The best kind of comedy is the kind that demands a second viewing. Some jokes fly by so fast that even if you laugh at them, you don't appreciate the true depth of the joke until you hear it twice. Community is the god king of this kind of comedy on television.
Which should come as no surprise given that this show was created by the all star team of Dan Harmon and the Russo brothers, two names that pretty much everyone knows these days thanks to their work on Rick and Morty and the MCU respectively. But Community was their first big hit, and it has all the trademarks of both creators.
Most of which you notice upon rewatching the show now that it's all on Netflix. This irreverent, cartoonish sitcom hid a LOT of details in the background of the show's plots, a lot of which require careful combing through individual episodes before finding them.
These are the most interesting things you learn from that effort, whether they're bizarre, interesting, or just plain hilarious.
10. This Show COMMITS To Its Running Gags
A good running gag knows exactly how much gas it has in the tank and runs it through until it is completely dry. We all love the cabbage guy from Avatar but if he showed up every episode, you'd want to shove every one of those f%*king cabbages down his throat.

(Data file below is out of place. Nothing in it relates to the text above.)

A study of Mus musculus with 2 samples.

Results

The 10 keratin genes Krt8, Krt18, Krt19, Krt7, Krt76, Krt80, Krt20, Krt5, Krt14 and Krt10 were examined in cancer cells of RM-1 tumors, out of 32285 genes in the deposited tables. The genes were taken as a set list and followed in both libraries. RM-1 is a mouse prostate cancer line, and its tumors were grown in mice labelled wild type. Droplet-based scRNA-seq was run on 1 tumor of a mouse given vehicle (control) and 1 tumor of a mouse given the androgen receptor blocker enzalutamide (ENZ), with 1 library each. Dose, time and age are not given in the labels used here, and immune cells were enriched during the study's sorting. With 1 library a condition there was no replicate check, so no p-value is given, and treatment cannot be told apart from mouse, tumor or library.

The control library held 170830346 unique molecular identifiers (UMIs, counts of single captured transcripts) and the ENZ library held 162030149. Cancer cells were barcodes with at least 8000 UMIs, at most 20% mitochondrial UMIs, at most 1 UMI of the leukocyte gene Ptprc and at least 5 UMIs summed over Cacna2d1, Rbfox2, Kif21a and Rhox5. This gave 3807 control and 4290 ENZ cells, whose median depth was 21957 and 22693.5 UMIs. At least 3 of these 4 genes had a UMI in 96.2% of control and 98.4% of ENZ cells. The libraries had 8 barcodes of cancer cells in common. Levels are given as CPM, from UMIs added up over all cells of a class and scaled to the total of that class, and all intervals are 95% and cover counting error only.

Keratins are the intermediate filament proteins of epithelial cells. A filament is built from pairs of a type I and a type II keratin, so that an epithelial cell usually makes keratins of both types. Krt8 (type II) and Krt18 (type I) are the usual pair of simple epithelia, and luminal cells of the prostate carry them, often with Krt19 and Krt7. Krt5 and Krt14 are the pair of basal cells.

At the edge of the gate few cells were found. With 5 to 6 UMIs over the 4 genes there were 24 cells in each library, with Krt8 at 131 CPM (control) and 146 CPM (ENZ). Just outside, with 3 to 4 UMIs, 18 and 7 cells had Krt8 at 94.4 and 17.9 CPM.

Community understands this better than almost every show of its type out there. Rather than just come up with a few running gags and run them into the ground, they come up with multiple, and just sparse them out across different episodes and attached to different characters.
By now we already know of the most famous example, throughout the first three seasons, different characters mention Beetlejuice, culminating in Annie saying it a third time, and a man dressed as Beetlejuice walks by in the background. It's a blink and you'll miss it joke but one that brilliantly rewards viewers for their dedication.
There are plenty of others out there, such as Pierce's addiction to painkillers in season 2, all of which show the magic you get when a writing team is comprised of exactly the right people on the exact same page.